Accelerometers in Structural health monitoring
An accelerometer is a type of sensor that is commonly used in structural health monitoring to measure the acceleration and dynamic movement of a structure. It works by detecting movement and vibrations of a structure, which can be caused by factors such as wind, earthquakes, or other types of mechanical loads.
Accelerometers are often used in structural health monitoring because they can provide valuable information about the dynamic behavior of a structure. By measuring the acceleration of a structure, engineers can determine how it is responding to different types of loads and how it is likely to behave under different conditions. Knowing the dynamic behavior can help engineers detect changes in the global state of the structure.
There are many different types of accelerometers that can be used in structural health monitoring, each with its own unique characteristics and capabilities. Some accelerometers are very sensitive to measure induced vibrations from wind and loads, others have higher ranges able to detect movement of mechanical parts such as the wings on a windmill. Generally the sensors are made rugged and small such that they can be installed in outdoor conditions and tight spaces.
Overall, accelerometers are an important tool in structural health monitoring because they can provide valuable information about the performance of a structure and help engineers identify potential problems before they become serious.
Choosing the correct accelerometer
In order to choose the right accelerometer for the assignment it is important to know the required environmental protection, precision, maximum expected accelerations, noise to frequency levels and size of installation placements.
Sensor in Structural health monitoring often need to be in operation for long periods (5+ years). If the proper environmental protection is not chosen it will lead to malfunctions, noise and errors at some point in the lifetime of the sensor. Generally a good rule of thumb for sensors installed outside for structural health monitoring is an IP rating of at least IP65 meaning a full protection against dust and a protection against water sufficient for rain and splashes.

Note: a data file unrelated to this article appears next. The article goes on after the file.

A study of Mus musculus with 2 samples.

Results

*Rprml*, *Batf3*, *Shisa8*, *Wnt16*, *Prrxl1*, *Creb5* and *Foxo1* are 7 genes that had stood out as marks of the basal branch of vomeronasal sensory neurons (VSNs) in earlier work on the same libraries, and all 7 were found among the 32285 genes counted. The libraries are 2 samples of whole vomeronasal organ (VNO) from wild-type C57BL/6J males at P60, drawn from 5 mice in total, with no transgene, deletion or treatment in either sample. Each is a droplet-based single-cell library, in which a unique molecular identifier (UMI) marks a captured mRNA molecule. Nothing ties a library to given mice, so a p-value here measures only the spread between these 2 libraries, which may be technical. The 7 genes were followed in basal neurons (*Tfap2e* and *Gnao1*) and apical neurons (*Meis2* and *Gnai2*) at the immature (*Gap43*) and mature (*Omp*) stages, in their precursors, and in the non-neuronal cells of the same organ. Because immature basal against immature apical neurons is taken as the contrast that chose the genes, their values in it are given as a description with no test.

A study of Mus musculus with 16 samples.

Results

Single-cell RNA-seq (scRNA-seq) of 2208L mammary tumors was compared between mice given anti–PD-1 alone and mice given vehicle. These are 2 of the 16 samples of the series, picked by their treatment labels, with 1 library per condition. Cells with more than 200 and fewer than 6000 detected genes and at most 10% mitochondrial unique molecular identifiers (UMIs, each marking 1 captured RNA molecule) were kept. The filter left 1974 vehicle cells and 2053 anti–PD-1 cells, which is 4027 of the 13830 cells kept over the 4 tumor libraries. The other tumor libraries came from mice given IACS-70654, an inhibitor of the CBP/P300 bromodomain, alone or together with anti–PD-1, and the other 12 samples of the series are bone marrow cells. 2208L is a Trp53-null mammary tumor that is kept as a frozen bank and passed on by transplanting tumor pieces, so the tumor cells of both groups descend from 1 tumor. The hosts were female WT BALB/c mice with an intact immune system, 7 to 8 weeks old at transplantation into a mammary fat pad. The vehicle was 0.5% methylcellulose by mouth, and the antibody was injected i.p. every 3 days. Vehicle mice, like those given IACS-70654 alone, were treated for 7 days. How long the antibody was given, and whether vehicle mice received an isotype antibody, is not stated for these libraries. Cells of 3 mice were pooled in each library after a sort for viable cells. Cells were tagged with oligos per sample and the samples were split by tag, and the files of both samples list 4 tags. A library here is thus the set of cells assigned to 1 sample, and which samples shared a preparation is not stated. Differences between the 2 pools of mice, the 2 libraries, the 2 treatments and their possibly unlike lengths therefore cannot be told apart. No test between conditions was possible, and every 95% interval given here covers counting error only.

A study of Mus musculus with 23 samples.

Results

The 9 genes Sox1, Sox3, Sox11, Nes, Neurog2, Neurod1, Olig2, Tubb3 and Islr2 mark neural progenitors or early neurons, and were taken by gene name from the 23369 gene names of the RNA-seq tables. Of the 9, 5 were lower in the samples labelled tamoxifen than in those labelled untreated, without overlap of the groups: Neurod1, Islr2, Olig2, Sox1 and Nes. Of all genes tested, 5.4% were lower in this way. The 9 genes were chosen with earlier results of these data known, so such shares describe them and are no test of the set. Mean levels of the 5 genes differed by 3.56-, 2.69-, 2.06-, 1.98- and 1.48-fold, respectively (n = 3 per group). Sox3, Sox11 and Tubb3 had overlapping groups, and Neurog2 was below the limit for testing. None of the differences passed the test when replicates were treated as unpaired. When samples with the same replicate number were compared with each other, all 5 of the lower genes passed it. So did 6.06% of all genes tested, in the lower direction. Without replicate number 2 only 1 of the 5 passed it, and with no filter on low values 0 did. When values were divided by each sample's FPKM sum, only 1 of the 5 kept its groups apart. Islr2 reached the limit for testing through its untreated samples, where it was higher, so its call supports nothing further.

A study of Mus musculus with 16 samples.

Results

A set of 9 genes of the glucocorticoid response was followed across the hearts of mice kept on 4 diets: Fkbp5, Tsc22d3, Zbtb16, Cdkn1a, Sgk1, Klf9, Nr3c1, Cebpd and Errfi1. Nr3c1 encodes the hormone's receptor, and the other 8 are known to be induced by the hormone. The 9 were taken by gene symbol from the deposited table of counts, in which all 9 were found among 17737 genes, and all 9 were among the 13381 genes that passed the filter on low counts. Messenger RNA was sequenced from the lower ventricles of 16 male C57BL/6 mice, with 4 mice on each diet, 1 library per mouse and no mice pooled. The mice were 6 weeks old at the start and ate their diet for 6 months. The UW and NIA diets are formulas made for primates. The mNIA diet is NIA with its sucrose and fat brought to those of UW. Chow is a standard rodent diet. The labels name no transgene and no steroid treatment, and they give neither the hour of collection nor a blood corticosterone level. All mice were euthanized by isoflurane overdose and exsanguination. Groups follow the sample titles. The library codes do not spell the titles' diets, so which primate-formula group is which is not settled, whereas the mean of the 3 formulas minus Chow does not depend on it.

In areas with high humidity and salt levels the material should also not be chosen lightly, typical sensor casings in aluminum will corrode fast on bridges around seawater. Here stainless steel can be a good choice for sensor casing.
Accelerometer precision often ends up being a value dependent on the noise level on the sensor. If the noise at the frequency is larger than the signal which need to be measured the signal will be indistinguishable from the noise.
In Structural health monitoring it is often the precision at very low frequencies around 0 – 1 Hz which becomes the determining factor for the accelerometer. Many accelerometers will have a much higher noise rate around 0 Hz.
Maximum expected accelerations
When doing data analysis on accelerations the noise is the most important factors. Choosing the sensor range with the lowest levels still above the expected accelerations helps to minimize the noise and make the signal as distinguishable as possible. Signals from sensors are limited by there being a finite amount of points possible to measure between the minimum value and the maximum value. Choosing a smaller range means that the granularity of the signal will be finer and usually the noise level being smaller.
Noise to frequency levels
Noise is not just noise in accelerometers. Accelerometers in Structural health monitoring are used for monitoring vibrations, and depending on the stiffens of the structure these frequencies can be anywhere in the range from 0.1 Hz to 1000 Hz. When dealing with very low frequencies it is important to ensure that the noise level does not climb fast around 0 Hz. On large suspension bridges the hangers can be moving at a rate where it takes more than 5 seconds for them to complete a full cycle. Here a accelerometer will have to have low noise at the range of 0 Hz to 1 Hz. On the other hand a steel bridge with a train driving over it can have vibrations in the neighborhood of 200 Hz where the general precision becomes the important factor.